Monday, December 10, 2012

One Thing disappearing from Japan;

(posted; Japanese culture page)
*He is "Ninomiya Kinjirou" (←link page)
The picture below is a statue which stands in the schoolyard of my husband's elementary school. This statue is now tend to disappearing from Japanese school yard. I heard about this from TV program last month. When I told my husband about this, he told me that the one at his Alma mater still does.  I went there on Sunday as I didn't want to be seen taking pictures. So that is why the school gate was closed and the statue isn't facing front; had to take them from outside(^^;)   

     *Let me tell you about him a little*

these pictures are from PC

With my age, he is a symbol of studiousness. He was a prominent 19th century Japanese agricultural leader, philosopher, moralist  and economist. He was born to a poor peasant family, but succeeded and achieved considerable wealth as a landlord while in his 20s. He revived local economy, particularly through agricultural development. He was eventually entrusted with one of Shogunate's estate, which was great honor for someone of his low origin. Haha, enough of his life.
You can see him as a boy; reading a book while walking and carrying firewood on his back. These statues are depicting popular stories that said Ninomiya was reading and studying during every moment he could.
These statues became old and tend to be removed from the school yard. There might be some more reasons for this. He might be thought as a bit Feudalistic or something, but I hope his studiousness or filial attitude to his parents be taught to the young people. I presume not many of them know about him any more.
Well, I may have to add that we can see recent young people checking mobile-phone when they are even riding bicycles or taking dogs for a walk. Times are different and I know doing two things at one time like these may well cause accident. Wishing his good spirits will be passed down to next generations.

ps> This one was drafted last month and I forgot to post, haha.  Wishing you all are going to have a good second week of Dec.  (I won't be able to post for a while and I'll put the header back in a couple days)

linking this post to "Our World Tuesday"


  1. he sounds like someone worthy of admiration - accomplishing much at such a young age. sad that he is now considered old-fashioned or whatever.

  2. Eventually everything we knew will be removed.....there seems to be no tolerance for things of the past anymore. He sounds like a good role model for your students, though. xo

  3. It is with a touch of sadness that I think of worthy things, like the memory of this good man, going by the wayside, my dear friend Miyako. I'm so glad you documented the statue and other lovely pics. It was, as always with your blog, a very informative and educational read. Have a wonderful week, my friend!

  4. It is always sad when we begin to lose something of our cultural past, the things that made us what we are as a nation or a people.
    Once again, great photo's Miyako.
    Blessings from New Zealand,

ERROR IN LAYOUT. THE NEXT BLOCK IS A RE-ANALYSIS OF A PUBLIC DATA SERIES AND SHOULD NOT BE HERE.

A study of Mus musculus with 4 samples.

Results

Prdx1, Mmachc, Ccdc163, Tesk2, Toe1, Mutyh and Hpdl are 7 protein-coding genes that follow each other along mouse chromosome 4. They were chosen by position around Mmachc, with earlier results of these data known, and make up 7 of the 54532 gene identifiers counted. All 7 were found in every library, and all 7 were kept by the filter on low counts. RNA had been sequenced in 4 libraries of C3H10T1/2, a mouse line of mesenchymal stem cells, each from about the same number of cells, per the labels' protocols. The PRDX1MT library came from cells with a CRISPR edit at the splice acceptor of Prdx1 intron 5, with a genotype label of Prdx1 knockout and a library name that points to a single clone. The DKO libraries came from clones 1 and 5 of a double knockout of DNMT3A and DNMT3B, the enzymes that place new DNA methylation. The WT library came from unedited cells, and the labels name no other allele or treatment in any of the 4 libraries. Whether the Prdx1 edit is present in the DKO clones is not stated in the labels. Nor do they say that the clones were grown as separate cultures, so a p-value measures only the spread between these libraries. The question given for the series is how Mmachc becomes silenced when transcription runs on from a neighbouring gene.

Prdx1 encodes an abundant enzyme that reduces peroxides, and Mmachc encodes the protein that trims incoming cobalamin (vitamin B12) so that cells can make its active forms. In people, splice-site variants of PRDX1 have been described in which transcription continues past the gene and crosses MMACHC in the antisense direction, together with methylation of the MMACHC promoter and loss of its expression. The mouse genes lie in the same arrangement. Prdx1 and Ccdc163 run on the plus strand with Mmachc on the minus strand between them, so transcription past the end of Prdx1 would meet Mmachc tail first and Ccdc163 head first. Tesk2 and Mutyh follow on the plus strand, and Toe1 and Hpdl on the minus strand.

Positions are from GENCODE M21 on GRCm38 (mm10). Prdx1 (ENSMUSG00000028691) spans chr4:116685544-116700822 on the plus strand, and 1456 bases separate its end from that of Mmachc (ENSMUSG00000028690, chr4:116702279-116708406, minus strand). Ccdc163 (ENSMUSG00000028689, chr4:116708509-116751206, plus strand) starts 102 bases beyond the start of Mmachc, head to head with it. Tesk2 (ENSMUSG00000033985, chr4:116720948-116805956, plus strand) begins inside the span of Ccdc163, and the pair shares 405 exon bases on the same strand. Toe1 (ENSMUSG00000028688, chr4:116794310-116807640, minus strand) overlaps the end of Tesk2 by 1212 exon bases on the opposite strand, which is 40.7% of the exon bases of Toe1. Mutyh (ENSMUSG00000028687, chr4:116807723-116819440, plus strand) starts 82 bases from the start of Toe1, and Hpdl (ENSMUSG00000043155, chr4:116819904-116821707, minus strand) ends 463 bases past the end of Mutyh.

5. Dearest Miyako san,
    It is sad that a small group of liberal younger people are doing away with such values and virtues of years past. SAD is the word and like you say, what is taking its place? Nothing better or safer...
    Hugs to you my philosopher,

  6. Oh, I hope they don't all disappear!
    Liz @ Shortbread & Ginger

  7. Hello Miyako,
    very interesting story of this philosopher,where ever your always there the group of people who wants to remove the past culture..very sad indeed.
    I love the old statue ;)
    have a good day darl

  8. Hello Miyako!
    How sad that this statue isn't going to be outside schools anymore, I think he must be a great symbol of overcoming your social status using education and it's a happy statue too.
    I love the photos of the ornamental trees.
    My primary school had Japanese cherry trees!

  9. It is sad to hear this statue is going to disappear. When I was a little child, this statue was very familiar to us and we could see it in many places, especially schools.
    I realized I have not seen him for a long long time. I miss him. I hope someday he will make a comeback again.
    Thanks a lot for sharing a great story and photos!

  10. Our elementary school had the statue of Ninomiya Kinjiro. It is sad to know it's disappearing. Kind of spirit he had may not be valued much by younger people any more...but I hope it remains.

  11. That is a lovely statue!

  12. I wonder about the reason for taking away these statues and feel sad that this is happening. I'm glad you captured Ninomiya Kinjiro. His story is one that would inspire the students.

  13. Thank you for your post.It is good that you are educating people about Kinjiro so he will not be forgotten.

  14. Wonderful photography ~ your country is so beautiful and this statue is a treasure ~

    (A Creative Harbor) ^_^ aka ArtMuseDog and Carol

  15. That's too bad. I like them. Boom & Gary of the Vermilon River, Canada.

  16. Oh my it has been so long since I have been here bad Jo-Anne.......(slaps wrist here)

    I think these things happen in every country so often the young do not appreciate these things and thing why bother which is such a shame....

    Love the photos

  17. Hello Miyako, what lovely statues, sad to see them disappear. He sounds like someone everyone should look up to and strive to be like him. Great post and photos. Have a happy day!